The US State Department announced Friday that it will offer up to $5 million for each information that will help authorities nab and convict four Mexican drug cartel kingpins, including the brother of notorious smuggler “El Chapo.”
Along with the brother of imprisoned drug lord Joaquín “El Chapo” Guzmán, Aureliano Guzmán-Loera, brothers Ruperto Salguero-Navarez, Jose Salguero-Navarez and Heriberto Salguero-Navarez are also wanted by the United States.
State Department spokesman Ned Price said in a statement that all four have been charged “in US indictments for violations of US drug laws, including international conspiracy to distribute marijuana, cocaine, methamphetamine and fentanyl.”
The highly dangerous synthetic opioid fentanyl “is responsible for more than 63% of the 96,779 drug overdose deaths in the United States between March 2020 and 2021,” Price added.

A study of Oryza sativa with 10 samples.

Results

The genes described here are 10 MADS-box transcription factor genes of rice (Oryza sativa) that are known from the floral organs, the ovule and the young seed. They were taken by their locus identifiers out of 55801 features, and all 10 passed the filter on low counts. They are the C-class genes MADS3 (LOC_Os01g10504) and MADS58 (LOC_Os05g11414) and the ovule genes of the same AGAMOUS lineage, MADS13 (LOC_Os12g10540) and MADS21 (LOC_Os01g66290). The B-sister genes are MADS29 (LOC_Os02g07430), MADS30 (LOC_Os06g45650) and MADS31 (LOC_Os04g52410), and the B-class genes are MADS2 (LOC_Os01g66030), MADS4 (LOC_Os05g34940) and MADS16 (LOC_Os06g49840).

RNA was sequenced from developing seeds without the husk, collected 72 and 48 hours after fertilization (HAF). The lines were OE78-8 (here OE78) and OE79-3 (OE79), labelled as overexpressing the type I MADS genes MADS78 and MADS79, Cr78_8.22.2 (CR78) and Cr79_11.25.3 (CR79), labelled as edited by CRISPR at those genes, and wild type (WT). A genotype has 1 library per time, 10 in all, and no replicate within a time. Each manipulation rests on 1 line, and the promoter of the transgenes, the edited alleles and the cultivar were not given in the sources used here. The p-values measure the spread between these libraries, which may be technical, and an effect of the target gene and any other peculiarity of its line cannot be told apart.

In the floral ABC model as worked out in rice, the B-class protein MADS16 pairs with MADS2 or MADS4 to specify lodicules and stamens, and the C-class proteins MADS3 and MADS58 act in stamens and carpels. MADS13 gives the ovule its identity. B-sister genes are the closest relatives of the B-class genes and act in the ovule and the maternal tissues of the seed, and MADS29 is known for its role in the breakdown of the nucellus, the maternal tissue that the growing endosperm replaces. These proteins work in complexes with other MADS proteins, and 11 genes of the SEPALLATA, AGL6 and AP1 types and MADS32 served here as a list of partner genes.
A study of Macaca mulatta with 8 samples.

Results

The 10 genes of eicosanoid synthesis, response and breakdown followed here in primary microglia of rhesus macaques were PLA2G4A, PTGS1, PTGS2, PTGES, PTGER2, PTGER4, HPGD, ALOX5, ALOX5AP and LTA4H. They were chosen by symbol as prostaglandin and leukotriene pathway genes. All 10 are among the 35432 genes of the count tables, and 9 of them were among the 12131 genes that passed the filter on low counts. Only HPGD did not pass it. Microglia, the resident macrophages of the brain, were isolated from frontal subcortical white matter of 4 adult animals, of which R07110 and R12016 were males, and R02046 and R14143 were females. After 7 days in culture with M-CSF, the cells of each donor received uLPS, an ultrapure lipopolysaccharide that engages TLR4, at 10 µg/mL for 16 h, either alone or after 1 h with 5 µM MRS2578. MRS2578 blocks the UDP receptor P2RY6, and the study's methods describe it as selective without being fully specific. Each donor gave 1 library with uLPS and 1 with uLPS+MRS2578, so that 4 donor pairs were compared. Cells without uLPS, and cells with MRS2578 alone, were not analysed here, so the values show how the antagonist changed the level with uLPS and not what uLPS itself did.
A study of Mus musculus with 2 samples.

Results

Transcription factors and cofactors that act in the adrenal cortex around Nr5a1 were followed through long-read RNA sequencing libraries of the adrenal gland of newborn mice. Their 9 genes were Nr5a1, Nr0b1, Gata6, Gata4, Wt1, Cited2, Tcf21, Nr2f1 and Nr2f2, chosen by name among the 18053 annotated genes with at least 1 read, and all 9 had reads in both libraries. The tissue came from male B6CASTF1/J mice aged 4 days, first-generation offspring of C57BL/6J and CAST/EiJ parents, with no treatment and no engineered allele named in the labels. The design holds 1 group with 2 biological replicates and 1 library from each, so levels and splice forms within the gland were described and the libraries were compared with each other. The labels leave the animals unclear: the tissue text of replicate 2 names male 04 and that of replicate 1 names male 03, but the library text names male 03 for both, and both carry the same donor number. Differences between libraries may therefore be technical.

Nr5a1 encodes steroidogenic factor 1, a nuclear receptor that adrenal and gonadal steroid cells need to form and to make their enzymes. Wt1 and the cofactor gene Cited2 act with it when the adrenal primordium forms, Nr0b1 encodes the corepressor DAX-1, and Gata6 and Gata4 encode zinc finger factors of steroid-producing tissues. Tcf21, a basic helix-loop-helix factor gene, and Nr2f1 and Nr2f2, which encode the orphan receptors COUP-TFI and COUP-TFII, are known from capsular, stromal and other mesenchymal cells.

The four operate under the umbrella of the Federation of Sinaloa Cartels, one of Mexico’s most notorious drug trafficking groups, led by “El Chapo” until his imprisonment.
He was extradited to the United States in 2017, where he was sentenced to life imprisonment two years later in a trial held under high security.
The State Department’s statement comes on the same day the Justice Department announced charges of violating international trafficking laws.
For more than a decade, the United States and Mexico have worked together to fight drug trafficking under a program called the Merida Initiative, in which the United States provides military firepower, technical assistance, and security training.
In October, neighboring states agreed to change their approach to address the root cause and step up efforts to stop cross-border arms smuggling.
Mexico is plagued by cartel-related bloodshed, which has killed more than 300,000 people since the government deployed the military in the war on drugs in 2006.